What does travel insurance cover?
The exact coverage boundaries of trip insurance depend on your policy. But any travel policy should protect you against three categories of losses: non-refundable travel costs, such as airfare and hotel bills; costs related to a medical emergency; and losses related to the personal property you bring on your trip.
While some coverages are standard, others are optional — you pay extra to add them to your policy.
Not all travel protection is travel insurance. Insurance policies are often bundled with non-insurance products, like cancellation fee waivers and travel assistance services, according to the National Association of Insurance Commissioners (NAIC). State insurance departments have no oversight over non-insurance product providers, which can limit your recourse if you fail to receive the coverage you pay for.
Trip cancellation, interruption, or delay
Trip cancellation insurance reimburses you for any non-refundable expenses you’ve already paid if your trip starts late, ends early, or needs to be canceled because of a covered emergency. Covered emergencies vary by insurance company and policy, but they typically include:
Illness, injury, or the hospitalization or death of a family member, even if they’re not traveling
Transportation delays and cancellations
Illness or death of host
Mandatory evacuation due to severe weather or a natural disaster
Cancellation coverage usually covers 100% of your prepaid non-reimbursable costs. Interruption coverage may provide more than 100% coverage of prepaid costs if it pays for your transportation home. Delay coverage typically pays a flat daily rate for lodging, transportation, and other costs you incur due to a covered delay.
Baggage and personal effects loss or delay
This coverage reimburses you for baggage and other personal items that get damaged, lost, or stolen. However, it’s secondary to your homeowners or renters insurance — if you have either of those policies, you must submit your claim to that insurer first. Travel insurance will pay for what homeowners or renters insurance doesn’t cover.
Reimbursement for baggage delays covers the costs of any essentials you need if you’ll be without your baggage for a certain period of time, such as 24 hours.
Travel medical insurance
Travel medical insurance covers the cost of treatment for medical and dental emergencies that happen while you’re traveling. These emergencies might include physician and nursing care, hospital bills, ambulance fees, and prescription medications. Dental coverage usually has a much lower limit than medical care — $500 versus $10,000, for example.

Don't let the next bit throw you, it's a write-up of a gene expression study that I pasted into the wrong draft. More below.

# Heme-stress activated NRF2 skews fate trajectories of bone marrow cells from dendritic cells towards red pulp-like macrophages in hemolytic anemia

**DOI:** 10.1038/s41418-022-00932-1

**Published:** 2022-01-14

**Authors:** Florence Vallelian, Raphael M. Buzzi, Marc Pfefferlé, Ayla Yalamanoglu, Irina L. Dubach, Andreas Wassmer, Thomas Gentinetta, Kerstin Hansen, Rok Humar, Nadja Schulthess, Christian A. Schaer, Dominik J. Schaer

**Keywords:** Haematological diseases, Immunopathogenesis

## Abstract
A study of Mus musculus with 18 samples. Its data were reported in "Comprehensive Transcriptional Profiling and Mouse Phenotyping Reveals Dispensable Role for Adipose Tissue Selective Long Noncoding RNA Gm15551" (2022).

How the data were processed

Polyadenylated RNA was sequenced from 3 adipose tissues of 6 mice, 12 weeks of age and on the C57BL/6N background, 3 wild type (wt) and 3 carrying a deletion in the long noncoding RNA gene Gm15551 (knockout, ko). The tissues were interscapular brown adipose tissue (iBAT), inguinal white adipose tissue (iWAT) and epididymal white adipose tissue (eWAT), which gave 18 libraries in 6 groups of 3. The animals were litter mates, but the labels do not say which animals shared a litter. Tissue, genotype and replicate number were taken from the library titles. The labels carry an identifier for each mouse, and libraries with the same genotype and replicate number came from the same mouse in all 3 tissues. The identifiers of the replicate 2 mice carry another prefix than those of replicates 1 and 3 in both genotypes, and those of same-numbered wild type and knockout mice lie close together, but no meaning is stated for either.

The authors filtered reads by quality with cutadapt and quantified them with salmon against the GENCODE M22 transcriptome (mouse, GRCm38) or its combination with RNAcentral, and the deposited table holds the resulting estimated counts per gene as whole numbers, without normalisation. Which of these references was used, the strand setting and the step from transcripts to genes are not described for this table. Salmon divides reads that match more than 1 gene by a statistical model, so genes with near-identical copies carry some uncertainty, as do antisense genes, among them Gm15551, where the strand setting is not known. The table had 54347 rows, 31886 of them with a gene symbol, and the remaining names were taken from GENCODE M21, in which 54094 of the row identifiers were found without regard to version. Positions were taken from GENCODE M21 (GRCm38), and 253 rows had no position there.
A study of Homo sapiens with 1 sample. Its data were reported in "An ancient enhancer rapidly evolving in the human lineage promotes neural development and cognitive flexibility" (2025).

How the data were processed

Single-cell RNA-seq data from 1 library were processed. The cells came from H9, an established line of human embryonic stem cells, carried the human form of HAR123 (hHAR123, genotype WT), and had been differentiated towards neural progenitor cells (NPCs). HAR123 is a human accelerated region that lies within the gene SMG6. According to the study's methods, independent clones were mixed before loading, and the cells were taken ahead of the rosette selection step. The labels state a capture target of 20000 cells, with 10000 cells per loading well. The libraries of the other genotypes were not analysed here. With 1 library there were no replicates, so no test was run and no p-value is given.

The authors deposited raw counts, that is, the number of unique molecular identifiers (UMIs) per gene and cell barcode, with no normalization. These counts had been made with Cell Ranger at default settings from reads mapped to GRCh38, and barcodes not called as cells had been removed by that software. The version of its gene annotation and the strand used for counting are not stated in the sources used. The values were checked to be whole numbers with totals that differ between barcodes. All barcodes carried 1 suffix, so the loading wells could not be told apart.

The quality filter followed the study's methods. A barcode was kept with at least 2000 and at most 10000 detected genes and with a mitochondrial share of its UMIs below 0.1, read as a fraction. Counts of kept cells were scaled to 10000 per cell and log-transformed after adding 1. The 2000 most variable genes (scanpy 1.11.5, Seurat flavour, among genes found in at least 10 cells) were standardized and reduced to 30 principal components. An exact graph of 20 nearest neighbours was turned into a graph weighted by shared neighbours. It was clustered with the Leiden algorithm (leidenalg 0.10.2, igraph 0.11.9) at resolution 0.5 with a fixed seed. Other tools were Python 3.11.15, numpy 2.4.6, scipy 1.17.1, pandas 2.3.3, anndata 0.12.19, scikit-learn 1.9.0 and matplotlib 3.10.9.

If you have your own health insurance policy, your travel medical insurance coverage will serve as secondary insurance.
Emergency medical evacuation
Quality medical care isn’t always available in remote areas, and most health plans, including Medicare, won’t pay for transportation to a properly equipped healthcare facility. These plans also won’t pay for transportation to the U.S. in the case of death or medical necessity. Instead, emergency medical evacuation coverage pays these costs.
Good to Know
Travel insurance companies also usually cover the cost of a travel companion to stay with you while you’re hospitalized. If you’re traveling alone with your children when your emergency happens, this coverage might also reimburse airfare to send them home.
Missed trip connection
A missed connection can force you to start a cruise or travel tour late, and you’ll likely incur additional transportation and lodging expenses to meet the ship or group after it’s already underway. Trip delay and interruption policies cover common carrier issues and weather-related delays, but if you don’t have that coverage for some reason, missed-connection insurance will pay for the added expenses.
Cancel for any reason (CFAR)
Cancel-for-any-reason coverage is usually an add-on to your travel insurance policy. It overrides standard coverage restrictions for covered reasons to cancel your trip.
However, CFAR coverage doesn’t usually reimburse 100% of your prepaid non-refundable expenses like cancelation coverage does. Instead, you’ll be out 25% to 50% of those costs, according to the NAIC.
Unlike stand-alone travel medical insurance, which only covers medical expenses your primary health insurance doesn’t cover while you travel, comprehensive travel insurance includes more coverage.
In addition to covering medical expenses, comprehensive travel insurance also provides trip delay/interruption/cancelation coverage and coverage for lost, damaged, or stolen baggage and personal belongings and other non-medical events.